U.S. corn and spring wheat starting to emerge

About 3 percent of the crop is up, a USDA report says

By Diego Flammini
Staff Writer
Farms.com

Corn plants are beginning to emerge across the United States.

About 3 percent of the national corn crop is up, the USDA said in its April 23 Weekly Weather and Crop Bulletin.

With the Prospective Plantings report indicating farmers would plant about 92 million acres of corn in 2023, this means corn plants have emerged across 2.76 million acres.

To put that number into context, Michigan farmers planted 2.35 million acres of corn in 2022.

Most of the corn planted in Texas has emerged.

About 60 percent of that state’s corn crop is up. This is an increase from 58 percent last year.

With prospective corn planting for Texas pegged at 2.05 million acres, this means corn has emerged on 1.23 million Texas acres.

One quarter of North Carolina’s corn is up.

Farmers are reporting about 25 percent of their corn emerged, the USDA’s report says.

With North Carolina farmers prepared to plant about 960,000 acres of corn, this means corn has emerged across 240,000 acres.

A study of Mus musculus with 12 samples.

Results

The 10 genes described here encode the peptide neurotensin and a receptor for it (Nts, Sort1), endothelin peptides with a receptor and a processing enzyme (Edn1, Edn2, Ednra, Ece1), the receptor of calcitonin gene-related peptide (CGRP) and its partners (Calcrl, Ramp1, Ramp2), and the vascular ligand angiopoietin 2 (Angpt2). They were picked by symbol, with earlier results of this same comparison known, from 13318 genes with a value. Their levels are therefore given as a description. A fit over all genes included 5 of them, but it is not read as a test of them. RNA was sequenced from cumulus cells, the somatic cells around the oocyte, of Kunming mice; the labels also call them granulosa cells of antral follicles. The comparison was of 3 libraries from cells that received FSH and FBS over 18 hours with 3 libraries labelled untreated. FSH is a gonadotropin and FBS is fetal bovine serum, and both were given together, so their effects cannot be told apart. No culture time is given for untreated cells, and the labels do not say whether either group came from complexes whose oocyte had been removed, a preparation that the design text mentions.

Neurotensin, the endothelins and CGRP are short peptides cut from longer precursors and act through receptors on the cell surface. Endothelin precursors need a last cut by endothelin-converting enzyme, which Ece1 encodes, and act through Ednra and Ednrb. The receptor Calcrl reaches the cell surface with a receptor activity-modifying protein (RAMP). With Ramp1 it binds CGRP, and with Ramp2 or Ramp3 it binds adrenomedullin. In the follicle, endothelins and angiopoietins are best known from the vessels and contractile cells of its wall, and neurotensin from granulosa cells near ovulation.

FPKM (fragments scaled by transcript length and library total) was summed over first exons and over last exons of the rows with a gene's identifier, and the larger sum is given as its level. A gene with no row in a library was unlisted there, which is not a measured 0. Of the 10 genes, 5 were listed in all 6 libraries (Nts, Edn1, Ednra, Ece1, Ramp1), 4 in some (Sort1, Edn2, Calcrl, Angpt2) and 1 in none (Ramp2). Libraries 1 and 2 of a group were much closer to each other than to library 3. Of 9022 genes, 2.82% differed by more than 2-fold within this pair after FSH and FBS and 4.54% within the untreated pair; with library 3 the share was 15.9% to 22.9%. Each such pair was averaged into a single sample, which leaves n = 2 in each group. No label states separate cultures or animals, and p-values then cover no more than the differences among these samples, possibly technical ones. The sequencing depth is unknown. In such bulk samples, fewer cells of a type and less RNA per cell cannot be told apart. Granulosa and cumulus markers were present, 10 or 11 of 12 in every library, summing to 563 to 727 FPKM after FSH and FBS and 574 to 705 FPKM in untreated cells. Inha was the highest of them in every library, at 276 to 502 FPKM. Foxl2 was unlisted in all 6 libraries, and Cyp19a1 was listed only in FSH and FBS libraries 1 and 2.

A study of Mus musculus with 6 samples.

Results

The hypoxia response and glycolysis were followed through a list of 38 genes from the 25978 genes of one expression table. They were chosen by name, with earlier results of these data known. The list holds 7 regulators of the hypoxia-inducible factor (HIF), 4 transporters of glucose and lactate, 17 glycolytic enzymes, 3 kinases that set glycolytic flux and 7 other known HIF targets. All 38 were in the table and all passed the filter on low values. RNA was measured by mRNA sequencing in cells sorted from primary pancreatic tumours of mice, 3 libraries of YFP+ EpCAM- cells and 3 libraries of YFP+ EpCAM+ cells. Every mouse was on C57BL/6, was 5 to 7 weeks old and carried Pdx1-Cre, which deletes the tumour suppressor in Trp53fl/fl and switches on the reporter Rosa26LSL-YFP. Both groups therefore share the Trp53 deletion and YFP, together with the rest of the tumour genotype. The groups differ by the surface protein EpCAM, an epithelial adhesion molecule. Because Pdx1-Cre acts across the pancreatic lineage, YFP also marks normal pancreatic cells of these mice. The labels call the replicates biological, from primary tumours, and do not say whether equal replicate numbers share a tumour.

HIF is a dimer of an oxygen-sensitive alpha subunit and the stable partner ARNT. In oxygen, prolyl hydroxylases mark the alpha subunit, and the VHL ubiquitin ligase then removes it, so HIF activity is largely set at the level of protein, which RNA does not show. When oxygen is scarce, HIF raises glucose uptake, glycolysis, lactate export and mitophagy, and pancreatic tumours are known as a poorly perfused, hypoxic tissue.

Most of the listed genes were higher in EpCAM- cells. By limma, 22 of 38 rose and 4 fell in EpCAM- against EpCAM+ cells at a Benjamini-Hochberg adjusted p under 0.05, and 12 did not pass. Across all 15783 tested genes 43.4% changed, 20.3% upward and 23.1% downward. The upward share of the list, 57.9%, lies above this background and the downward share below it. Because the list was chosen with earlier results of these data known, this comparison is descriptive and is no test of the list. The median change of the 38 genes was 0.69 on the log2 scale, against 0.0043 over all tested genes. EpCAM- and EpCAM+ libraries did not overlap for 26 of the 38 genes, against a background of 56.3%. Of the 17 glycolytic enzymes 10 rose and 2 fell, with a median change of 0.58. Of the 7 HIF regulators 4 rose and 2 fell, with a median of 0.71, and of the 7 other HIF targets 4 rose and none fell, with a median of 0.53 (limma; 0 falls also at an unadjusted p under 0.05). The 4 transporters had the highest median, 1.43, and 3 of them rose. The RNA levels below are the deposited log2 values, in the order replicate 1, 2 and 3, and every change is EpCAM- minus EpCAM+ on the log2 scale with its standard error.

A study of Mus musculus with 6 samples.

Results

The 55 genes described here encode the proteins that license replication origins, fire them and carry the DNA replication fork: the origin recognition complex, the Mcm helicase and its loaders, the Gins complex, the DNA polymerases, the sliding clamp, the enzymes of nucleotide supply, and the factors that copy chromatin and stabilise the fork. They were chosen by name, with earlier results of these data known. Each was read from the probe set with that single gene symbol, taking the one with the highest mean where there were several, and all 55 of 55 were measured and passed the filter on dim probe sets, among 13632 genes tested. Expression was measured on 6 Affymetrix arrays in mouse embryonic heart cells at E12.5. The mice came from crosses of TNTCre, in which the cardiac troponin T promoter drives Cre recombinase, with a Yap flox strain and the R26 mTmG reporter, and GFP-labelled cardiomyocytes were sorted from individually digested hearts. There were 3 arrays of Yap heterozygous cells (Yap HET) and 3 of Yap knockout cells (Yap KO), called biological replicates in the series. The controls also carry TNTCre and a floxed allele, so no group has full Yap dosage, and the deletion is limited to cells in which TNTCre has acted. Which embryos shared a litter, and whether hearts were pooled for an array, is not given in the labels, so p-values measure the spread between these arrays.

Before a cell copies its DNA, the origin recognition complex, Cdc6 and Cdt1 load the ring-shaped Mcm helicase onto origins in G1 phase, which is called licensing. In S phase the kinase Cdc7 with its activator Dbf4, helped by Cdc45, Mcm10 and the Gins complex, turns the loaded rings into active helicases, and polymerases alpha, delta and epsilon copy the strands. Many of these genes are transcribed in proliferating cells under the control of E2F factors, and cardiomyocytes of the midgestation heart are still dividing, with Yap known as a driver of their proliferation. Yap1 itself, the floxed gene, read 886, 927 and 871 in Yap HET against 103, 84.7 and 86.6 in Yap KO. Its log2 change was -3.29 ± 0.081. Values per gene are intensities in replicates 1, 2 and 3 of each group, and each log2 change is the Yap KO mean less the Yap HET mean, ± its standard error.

Other states reporting double digit corn emergence are Tennessee and Missouri (11 percent each) and Kentucky at 12 percent.

The only other state to report any corn emergence is Kansas with 3 percent.

Spring wheat plants have also started to emerge.

Only 1 percent of the 2023 spring wheat crop is up, the USDA says in its report.

With spring wheat acres estimated at 10.57 million acres, this means spring wheat has emerged on 105,700 acres.

Spring wheat in Washington is the furthest along.

Around 10 percent of the wheat in that state has emerged.

Farmers in the state intend to plant 440,000 acres of spring wheat. This means about 44,000 acres of spring wheat have emerged.

The only other state to report any spring wheat emergence is Idaho with 1 percent.